Grandparents are often worried that their grandchildren won’t see them often after a divorce. This is a fair concern, especially if there are disputes between the children’s parents or families.
The good news is that the courts in California recognize a grandparent’s role in a child’s life. Under California’s laws, grandparents are able to seek reasonable visitation rights with their grandchildren. To be able to award those rights, the court needs to see that
- The grandchild and grandparent have a preexisting bond and relationship. This would mean that it is in the best interests of the child for the grandparent to remain in their life.
- Awarding visitation rights to the grandparents is balanced with the best interests of the child and the parents’ rights to make decisions for their children.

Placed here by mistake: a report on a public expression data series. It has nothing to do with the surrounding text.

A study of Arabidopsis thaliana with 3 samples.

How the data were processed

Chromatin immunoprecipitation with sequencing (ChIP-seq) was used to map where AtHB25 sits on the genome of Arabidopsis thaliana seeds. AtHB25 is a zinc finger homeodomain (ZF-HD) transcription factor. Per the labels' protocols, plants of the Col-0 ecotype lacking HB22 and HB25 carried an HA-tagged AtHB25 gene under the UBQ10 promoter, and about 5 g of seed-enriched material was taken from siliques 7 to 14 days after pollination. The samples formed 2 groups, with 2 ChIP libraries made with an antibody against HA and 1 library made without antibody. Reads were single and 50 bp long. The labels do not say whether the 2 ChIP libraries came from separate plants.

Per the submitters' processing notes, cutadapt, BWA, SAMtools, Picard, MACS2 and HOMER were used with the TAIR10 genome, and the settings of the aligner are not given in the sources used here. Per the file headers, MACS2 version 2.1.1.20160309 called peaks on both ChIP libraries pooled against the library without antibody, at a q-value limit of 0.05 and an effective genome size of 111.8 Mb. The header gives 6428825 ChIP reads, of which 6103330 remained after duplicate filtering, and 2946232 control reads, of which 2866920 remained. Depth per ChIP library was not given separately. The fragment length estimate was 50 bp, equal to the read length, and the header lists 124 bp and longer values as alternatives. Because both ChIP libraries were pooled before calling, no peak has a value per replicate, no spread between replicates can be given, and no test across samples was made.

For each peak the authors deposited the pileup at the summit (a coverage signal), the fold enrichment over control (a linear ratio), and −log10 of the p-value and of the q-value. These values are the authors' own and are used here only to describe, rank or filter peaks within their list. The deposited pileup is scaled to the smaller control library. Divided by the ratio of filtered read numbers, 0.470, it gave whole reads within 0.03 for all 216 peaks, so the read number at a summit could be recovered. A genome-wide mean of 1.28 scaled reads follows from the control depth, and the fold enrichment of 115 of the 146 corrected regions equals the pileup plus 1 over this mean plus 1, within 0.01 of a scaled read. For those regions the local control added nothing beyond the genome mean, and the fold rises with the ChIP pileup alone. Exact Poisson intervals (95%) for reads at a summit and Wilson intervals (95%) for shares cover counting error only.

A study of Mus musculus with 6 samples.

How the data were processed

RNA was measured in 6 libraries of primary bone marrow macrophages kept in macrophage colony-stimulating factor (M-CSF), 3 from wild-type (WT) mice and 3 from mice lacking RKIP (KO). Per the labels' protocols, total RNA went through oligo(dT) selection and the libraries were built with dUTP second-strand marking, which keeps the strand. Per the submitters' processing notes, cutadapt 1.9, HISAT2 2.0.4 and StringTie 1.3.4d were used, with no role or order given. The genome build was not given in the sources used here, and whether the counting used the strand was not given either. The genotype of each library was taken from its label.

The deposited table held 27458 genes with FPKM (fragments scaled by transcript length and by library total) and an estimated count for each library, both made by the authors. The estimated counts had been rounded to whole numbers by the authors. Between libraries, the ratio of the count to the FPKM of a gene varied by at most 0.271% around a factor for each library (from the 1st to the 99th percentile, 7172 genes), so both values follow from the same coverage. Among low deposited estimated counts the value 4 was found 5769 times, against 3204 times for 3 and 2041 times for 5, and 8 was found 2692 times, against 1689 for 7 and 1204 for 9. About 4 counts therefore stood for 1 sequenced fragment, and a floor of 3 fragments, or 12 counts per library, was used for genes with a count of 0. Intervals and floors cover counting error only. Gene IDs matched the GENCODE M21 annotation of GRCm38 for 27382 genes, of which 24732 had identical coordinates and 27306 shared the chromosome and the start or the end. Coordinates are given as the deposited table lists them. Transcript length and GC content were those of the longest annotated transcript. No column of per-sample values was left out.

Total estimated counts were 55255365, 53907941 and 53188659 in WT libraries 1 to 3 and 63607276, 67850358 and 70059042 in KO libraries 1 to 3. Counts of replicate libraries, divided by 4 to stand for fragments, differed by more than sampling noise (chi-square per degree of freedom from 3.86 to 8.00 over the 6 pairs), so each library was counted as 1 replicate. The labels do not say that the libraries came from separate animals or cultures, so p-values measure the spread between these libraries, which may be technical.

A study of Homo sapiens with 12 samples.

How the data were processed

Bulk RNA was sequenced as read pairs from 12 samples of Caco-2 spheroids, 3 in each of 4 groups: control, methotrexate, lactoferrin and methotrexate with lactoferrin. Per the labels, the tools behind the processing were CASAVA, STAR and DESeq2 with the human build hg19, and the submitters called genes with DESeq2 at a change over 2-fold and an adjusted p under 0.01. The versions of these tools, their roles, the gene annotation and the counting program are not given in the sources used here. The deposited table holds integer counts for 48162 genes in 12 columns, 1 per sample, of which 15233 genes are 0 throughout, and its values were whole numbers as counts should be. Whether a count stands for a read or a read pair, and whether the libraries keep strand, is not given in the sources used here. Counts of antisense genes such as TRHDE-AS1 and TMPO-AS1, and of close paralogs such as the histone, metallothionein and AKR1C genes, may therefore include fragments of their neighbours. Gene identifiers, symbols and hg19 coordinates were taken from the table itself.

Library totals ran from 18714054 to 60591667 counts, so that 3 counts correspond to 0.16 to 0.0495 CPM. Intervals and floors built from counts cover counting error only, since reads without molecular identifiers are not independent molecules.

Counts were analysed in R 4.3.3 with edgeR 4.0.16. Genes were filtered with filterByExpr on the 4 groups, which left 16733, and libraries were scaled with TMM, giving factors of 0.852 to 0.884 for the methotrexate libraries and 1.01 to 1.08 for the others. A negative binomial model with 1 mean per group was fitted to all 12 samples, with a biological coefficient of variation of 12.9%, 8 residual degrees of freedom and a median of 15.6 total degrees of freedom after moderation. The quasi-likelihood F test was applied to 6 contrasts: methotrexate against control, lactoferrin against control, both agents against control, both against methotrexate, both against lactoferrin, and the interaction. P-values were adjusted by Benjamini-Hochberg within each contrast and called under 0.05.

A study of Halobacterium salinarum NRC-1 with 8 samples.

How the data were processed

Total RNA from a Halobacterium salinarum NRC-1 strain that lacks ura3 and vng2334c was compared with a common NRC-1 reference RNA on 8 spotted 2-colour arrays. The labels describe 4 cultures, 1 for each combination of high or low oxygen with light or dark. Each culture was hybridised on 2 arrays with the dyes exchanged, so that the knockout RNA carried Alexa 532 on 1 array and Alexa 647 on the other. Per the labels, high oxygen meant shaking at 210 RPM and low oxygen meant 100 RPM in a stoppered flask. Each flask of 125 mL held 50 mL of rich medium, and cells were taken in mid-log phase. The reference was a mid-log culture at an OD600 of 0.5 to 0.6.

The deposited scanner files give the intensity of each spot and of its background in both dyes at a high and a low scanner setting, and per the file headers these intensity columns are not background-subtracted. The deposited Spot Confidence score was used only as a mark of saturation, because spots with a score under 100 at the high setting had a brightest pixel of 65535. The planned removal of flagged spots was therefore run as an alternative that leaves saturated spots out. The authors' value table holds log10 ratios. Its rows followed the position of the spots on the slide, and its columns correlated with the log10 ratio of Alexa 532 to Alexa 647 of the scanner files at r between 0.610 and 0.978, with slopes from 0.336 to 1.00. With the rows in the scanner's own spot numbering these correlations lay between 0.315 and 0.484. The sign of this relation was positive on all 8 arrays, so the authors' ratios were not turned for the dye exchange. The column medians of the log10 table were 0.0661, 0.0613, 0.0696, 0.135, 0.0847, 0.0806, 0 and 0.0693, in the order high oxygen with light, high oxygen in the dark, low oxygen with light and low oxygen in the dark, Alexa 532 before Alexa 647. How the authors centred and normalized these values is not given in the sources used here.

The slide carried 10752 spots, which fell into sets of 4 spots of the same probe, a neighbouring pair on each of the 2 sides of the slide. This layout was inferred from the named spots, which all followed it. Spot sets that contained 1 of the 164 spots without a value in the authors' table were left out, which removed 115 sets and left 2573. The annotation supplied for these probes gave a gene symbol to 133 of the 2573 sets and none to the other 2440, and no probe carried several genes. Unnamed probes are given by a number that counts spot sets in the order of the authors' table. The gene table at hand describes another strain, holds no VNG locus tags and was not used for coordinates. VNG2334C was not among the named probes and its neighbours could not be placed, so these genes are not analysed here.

Usually, grandparents can’t seek visitation if the grandchild’s parents are still married, but there are exceptions. For instance, if your child and their husband or wife are separated, then you may be able to seek visitation with your grandchild or grandchildren.
There are also exceptions in cases where:
- One parent’s location is not known
- The child doesn’t live with either parent
- The grandchild has been adopted by a stepparent
- One parent joins the grandparent in petitioning for visitation
If your situation falls into one of these exceptions, then your attorney may be able to help you obtain visitation rights. Our site has more on grandparents’ visitation rights and what you need to know about seeking visitation with your grandchildren if their parents decide to get a divorce or live separately.